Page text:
Bankruptcy Roundup: Argentina, GM, Radio Shack, Revel

US District Judge Thomas Griesa held Argentina in contempt of court September 29, a rare though not unprecedented move, in connection with the troubled nation’s ongoing sovereign debt disputes. Argentina had been ordered previously to make payments to two US-based hedge funds before other bondholders, but has yet to do so. The Argentinean government responded defiantly by placing $161 million in bond interest payments into a state-run financial institution that is not subject to US control and by declaring that the payment showed its commitment to its bondholders.

General Motors returned to an investment grade rating with Standard & Poor’s (S&P) for the first time since its bankruptcy and subsequent government bailout last decade. S&P analysts believe that the recent auto recall and scandal that ensued from allegations of withheld information regarding auto defects, some blamed for fatalities, will have only a small impact on the company going forward. GM tried to use its earlier restructure to shield itself from financial responsibilities stemming from safety incidents occurring around the time of the bankruptcy.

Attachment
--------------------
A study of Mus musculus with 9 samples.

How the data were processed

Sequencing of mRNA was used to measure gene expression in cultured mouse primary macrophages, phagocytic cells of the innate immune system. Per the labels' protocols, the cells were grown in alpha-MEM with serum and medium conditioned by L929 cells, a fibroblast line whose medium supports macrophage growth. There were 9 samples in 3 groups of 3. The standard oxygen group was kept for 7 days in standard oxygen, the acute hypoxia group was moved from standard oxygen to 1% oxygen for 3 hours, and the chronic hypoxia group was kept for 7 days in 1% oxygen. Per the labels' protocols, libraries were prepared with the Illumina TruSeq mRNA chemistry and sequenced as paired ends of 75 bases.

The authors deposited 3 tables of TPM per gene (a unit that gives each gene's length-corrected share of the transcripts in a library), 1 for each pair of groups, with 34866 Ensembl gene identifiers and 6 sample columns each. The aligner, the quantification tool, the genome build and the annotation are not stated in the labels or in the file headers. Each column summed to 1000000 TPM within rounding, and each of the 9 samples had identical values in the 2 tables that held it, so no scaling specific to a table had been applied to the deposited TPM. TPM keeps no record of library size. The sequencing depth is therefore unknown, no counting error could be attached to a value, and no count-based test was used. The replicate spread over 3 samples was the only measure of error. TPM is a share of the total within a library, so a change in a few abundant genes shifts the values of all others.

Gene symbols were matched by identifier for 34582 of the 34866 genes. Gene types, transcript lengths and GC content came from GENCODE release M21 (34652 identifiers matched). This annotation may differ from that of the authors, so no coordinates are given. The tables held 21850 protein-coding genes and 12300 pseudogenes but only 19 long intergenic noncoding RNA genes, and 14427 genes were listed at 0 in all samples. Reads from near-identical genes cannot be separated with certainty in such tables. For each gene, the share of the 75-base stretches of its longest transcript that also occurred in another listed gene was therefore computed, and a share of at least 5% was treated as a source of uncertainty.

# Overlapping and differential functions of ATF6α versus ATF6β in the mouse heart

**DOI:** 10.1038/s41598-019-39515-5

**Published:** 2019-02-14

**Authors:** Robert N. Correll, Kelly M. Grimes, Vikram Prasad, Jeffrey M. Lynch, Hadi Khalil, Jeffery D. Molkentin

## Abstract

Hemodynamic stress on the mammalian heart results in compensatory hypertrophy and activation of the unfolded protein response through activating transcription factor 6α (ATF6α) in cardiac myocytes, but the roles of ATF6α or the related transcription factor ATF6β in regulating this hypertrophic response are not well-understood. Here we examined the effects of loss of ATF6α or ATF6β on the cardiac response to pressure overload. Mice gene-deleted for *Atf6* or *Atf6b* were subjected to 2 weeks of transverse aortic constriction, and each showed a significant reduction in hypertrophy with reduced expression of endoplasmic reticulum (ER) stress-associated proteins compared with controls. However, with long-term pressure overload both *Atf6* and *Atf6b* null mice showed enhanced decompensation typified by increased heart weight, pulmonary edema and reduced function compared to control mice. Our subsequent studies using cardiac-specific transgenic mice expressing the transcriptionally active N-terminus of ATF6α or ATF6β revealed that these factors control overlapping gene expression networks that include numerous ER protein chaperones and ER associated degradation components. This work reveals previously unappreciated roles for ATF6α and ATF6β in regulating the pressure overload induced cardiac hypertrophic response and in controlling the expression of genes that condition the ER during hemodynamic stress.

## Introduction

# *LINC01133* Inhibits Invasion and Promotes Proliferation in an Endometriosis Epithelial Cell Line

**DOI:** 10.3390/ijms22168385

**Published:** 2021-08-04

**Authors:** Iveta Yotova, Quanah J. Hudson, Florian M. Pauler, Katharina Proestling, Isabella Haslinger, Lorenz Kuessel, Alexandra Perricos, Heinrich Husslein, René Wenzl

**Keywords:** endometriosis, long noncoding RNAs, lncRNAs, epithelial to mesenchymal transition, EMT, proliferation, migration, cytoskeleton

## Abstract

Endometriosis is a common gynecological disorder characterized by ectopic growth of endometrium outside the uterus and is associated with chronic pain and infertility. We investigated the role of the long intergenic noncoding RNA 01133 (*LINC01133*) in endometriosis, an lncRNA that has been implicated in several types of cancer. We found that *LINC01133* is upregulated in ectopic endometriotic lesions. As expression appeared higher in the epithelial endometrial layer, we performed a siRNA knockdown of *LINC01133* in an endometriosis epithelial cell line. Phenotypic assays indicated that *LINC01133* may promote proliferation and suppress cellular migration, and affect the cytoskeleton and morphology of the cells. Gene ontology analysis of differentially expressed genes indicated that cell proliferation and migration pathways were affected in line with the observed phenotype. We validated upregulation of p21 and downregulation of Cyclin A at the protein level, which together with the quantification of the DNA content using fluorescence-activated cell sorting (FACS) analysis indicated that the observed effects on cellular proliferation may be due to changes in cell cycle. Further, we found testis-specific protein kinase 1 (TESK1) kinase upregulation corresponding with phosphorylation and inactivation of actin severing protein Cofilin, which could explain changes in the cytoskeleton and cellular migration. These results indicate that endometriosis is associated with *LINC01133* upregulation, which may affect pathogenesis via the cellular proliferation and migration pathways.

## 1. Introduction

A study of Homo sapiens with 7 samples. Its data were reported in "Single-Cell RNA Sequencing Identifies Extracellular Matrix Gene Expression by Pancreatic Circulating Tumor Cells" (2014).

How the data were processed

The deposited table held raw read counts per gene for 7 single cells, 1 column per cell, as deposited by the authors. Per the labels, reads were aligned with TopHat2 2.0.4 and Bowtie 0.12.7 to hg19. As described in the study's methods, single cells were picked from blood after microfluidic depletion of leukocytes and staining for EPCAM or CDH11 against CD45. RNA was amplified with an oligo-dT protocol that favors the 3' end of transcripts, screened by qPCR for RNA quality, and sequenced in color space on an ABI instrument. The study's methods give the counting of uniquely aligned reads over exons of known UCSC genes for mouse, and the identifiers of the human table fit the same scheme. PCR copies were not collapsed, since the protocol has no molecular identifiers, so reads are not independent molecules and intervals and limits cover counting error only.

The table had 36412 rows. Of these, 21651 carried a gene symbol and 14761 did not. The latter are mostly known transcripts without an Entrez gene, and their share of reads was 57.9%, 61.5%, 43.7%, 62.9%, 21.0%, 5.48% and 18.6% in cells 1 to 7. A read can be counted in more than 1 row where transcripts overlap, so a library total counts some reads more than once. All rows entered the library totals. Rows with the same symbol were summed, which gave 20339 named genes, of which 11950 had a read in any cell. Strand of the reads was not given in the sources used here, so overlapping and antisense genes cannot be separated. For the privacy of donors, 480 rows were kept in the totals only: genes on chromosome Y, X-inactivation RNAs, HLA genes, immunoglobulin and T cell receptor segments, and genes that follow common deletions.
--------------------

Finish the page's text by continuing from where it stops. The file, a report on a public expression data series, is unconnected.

Radio Shack received good news, a rarity for anyone in the retail electronics field of late, as a hedge fund with significant holdings in the company agreed to pump in needed financing to prevent the company from becoming insolvent in 2015. That sector and specifically Radio Shack, which was noted in an NACM Industries to Watch article in August 2013, is comprised of a high number of financially overleveraged retailers with a multitude of problems such as oversized stores, too many locations, an inadequate response to e-commerce strategy and notoriously poor management decisions. Radio Shack did try to trim its number of stores and hours of operations to save money, but has continued to rack up quarterly losses.

Revel Casino may have some life left after all. Its September bankruptcy auction drew at least two buyers, with a winning bid hitting $110 million for the two-year-old, lavish Atlantic City property that cost more than $2 billion to build. The winner, Brookfield Asset Management, seems intent on reopening the property as a casino even though Revel was one of one of four Atlantic City gaming operations to shutter its doors in 2014 because of oversaturation in the industry in the region and weakened demand in a still lackluster economy.